Google, Microsoft and LinkedIn Combine Forces to Improve Email Encryption


Messaging platforms such as WhatsApp and Facebook Messenger have risen to popularity due to their fast and instant way of passing information over the internet.

For once, email service providers such as Google and Yahoo have been feeling heavily threatened by these apps, but this service remains to be a core part of the enterprise setup. As if to prove this, a number of tech companies including Google, Microsoft, LinkedIn, Comcast, Yahoo and 1&1 Mail & Media Development have come together to in a bid to work on better ways of improving the encryption used on email platforms.

In this time of millennials, it is important that online platforms be kept more secure than ever, especially considering the rate at which hackers and cybercrime activities are being reported.

Out with the old, in with the new

Email service providers have been here for years, but very little has been done to change the underlying transport mechanisms used when passing the messages around. In essence, most of today’s emails are sent as unencrypted plain text using the ancient SMTP technology and even though the SMTP STARTTLS came in a few years ago to take care of this encryption problem, it has failed heavily.


The current technology makes it a lot easy for hackers to get in the middle of a conversation that was intended for someone else. Google, Microsoft, Yahoo and other companies now want to take care of this after they submitted a joint proposal to the Internet Engineering Task Force last week.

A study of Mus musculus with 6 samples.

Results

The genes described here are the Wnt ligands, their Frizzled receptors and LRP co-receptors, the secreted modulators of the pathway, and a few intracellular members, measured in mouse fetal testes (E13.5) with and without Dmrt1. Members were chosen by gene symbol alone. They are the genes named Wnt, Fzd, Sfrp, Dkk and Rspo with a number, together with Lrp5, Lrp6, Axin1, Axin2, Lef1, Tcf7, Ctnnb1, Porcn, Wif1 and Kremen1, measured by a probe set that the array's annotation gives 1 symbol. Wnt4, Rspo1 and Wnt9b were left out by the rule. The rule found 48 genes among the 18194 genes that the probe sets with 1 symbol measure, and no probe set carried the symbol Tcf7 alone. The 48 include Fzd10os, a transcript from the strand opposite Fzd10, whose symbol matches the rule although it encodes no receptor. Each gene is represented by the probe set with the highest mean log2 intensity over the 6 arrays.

The proposal wants to protect against attackers with efforts of modifying or intercepting emails that are being sent out by impersonating the server at the receiver’s end or maybe breaking SSL via several existing attacks.

How it works

In a bid to ensure that you only communicate with the intended persons and not some attacker on the internet, the new proposal wants the sender to be able to tell whether the recipient is legit. When an email is sent to a given domain that also supports SMTP STS, the sender can easily tell whether the destination server supports encryption as well as whether their certificate is legal before sending the message. In this way, one will be sure that they are communicating with the right server.


In case of otherwise, the sent email will not be delivered and the sender will also be told why this happened. These won’t be new rules for tech savvy users, but they might just happen to be new for those still heavily reliant on emails. However, don’t get too excited since this is still just a proposal and it has got a long way ahead before it materializes. The good thing is that it has names such as Google, Microsoft, LinkedIn and Yahoo behind it.